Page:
What is a Rug Pull in Crypto?
The cryptocurrency industry has come a long way with phenomenal growth in the last 11 years. While the industry has brought a lot of good to investors, like any other industry, it has come with it’s own bad. There have been lots of scams, hacks and attacks that have resulted in billions of dollars lost in crypto over the years.
A new and emerging scam is a rug pull. This is very common with the DeFi ecosystem which has become so popular recently. Decentralized Exchanges (DEXs) suffer such attacks as their design allows anyone to use the platform without any form of restriction.
What is a rug pull?
Imagine standing on a rug and someone pulls the rug from one edge. Unless the rug is glued to the floor in some way, it will sweep you off your feet and you could fall flat on the floor. This term is used to describe the experience of traders using DEX to trade and end up in an exit scam.
DEXs depend so much on individual stakers to provide liquidity through liquidity pools for smooth trading to take place. They are also decentralized and so have no central control, which makes every user to be in charge and no one is in charge. This naturally makes room for legitimate users to enjoy the privilege of decentralization and also allows fraudulent users to freely perpetrate crimes as well.
Anyone can list a token on a DEX which is very different from a centralized exchange where token owners have to apply and gain approval. This characteristic of DeFi has made it possible for just anyone to launch an ERC20 token on a DEX such as Uniswap without any restrictions and through this, investors make significant profits by trading DeFi assets.
A rug pull basically happens when someone or a group of persons drain the liquidity pool, making it impossible for traders to trade their tokens. For instance, tokens are traded against ETH, and the unavailability of ETH in the liquidity pool makes it impossible to trade such a token. The rise in the number of rug pulls calls for more caution when investing in DeFi tokens.
How rug pulls work?
The DeFi ecosystem gives developers freedom to create their own random tokens on Ethereum and then list them on DEXs. Some of the developers take advantage of the privilege to scam investors by creating tokens with little or no value and listing them on the DEX platforms. Several of such tokens have flooded the space recently and more are coming up every day.
When they are about to list the token on an exchange, the teams trade such tokens for ETH in what they call token sales. Investors use ETH to buy the tokens in the hope that the tokens will appreciate in value and they can trade it to get more ETH back. The team however takes their ETH and disappears, leaving the investors with tokens with no value.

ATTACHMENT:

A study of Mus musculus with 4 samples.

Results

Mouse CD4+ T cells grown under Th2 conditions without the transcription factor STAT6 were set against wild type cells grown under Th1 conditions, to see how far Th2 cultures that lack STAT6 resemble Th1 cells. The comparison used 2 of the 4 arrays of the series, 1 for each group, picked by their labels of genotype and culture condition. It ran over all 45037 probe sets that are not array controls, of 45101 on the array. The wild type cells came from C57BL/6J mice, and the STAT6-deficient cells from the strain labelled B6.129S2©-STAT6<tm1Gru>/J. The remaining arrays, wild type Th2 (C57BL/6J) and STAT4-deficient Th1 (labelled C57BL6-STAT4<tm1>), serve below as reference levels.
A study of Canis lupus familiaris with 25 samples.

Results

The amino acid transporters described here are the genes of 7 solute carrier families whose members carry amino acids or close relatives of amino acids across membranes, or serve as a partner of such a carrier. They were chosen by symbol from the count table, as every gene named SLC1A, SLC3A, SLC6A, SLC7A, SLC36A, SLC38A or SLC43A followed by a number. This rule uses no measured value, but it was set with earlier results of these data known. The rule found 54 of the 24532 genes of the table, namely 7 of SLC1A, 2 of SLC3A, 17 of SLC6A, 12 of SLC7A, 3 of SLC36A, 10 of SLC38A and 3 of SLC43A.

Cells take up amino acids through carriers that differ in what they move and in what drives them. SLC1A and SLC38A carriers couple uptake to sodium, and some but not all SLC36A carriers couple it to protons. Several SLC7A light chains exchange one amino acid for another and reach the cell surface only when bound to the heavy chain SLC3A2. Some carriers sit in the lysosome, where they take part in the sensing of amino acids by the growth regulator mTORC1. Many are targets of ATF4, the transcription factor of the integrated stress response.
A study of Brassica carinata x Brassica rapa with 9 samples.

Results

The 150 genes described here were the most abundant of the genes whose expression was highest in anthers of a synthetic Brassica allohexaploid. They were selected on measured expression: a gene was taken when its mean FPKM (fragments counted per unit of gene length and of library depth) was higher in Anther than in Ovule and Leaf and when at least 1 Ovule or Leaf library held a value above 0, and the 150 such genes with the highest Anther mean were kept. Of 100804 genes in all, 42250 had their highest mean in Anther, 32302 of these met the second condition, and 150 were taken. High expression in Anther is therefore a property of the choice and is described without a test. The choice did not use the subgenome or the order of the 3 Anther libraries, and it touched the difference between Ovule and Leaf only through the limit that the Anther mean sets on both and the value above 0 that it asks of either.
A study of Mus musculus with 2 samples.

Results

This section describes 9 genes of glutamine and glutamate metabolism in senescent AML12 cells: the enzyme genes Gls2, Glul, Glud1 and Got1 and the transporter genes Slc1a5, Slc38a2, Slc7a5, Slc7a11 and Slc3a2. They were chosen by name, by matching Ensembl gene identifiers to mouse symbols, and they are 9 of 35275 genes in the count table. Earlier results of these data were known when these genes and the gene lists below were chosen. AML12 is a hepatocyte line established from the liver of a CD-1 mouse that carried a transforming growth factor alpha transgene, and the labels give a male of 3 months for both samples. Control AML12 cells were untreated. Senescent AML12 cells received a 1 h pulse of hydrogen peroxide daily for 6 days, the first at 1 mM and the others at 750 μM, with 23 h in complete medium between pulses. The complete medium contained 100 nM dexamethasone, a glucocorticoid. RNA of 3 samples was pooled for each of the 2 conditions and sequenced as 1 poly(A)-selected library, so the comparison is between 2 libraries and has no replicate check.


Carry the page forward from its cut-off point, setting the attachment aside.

Investors have lost millions of dollars through this process and this is not going away anytime soon. The only way out is to learn how to avoid such scams.
How to avoid rug pulls?
Rug pulls can cost you your investment and there are several DeFi projects coming up these days which can be potentially profitable as well. Therefore the key is knowing which projects to invest in and which ones to stay away from. This boils down to doing your own research on projects you intend to invest in. The following are ways you can check the legitimacy of any project.
Amount of liquidity the developers owns
Always check the amount of liquidity the owner(s) of the project own. You can check that by checking the top holders of the token. The first result is most of the time the burn address, remove that percentage of the total. Then check the biggest holders of the token and the distribution of it. Platforms like PancakeSwap and Uniswap are mostly labeled.
GitHub is literally the code base hub for developing DeFi projects. When you search for a project on the platform, you can see the development activities on it in. If the project is not undergoing active development and is a fork of another project, it could be a bad sign and you shouldn’t put your money in it.
What is the team like?
Every project has a team behind it, but not all teams are reliable. Try to find out the people behind the project by checking on LinkedIn for instance. If the team is made up of reliable people who have been in the space for a while, good. Otherwise, it could be a bad sign. Although DeFi teams are usually anonymous, it will pay you if you can get this information.
Look for pools with bigger liquidity
Scammers don’t usually have so much money in the liquidity pool. You should check how much is in the pool. A liquidity pool with at least $50,000 in it is not likely to be a potential rug pull as scammers don’t usually put so much in a project. This list is by no means exhaustive and you should do more research such as their whitepaper, website etc. to prove that it is a safe project before investing.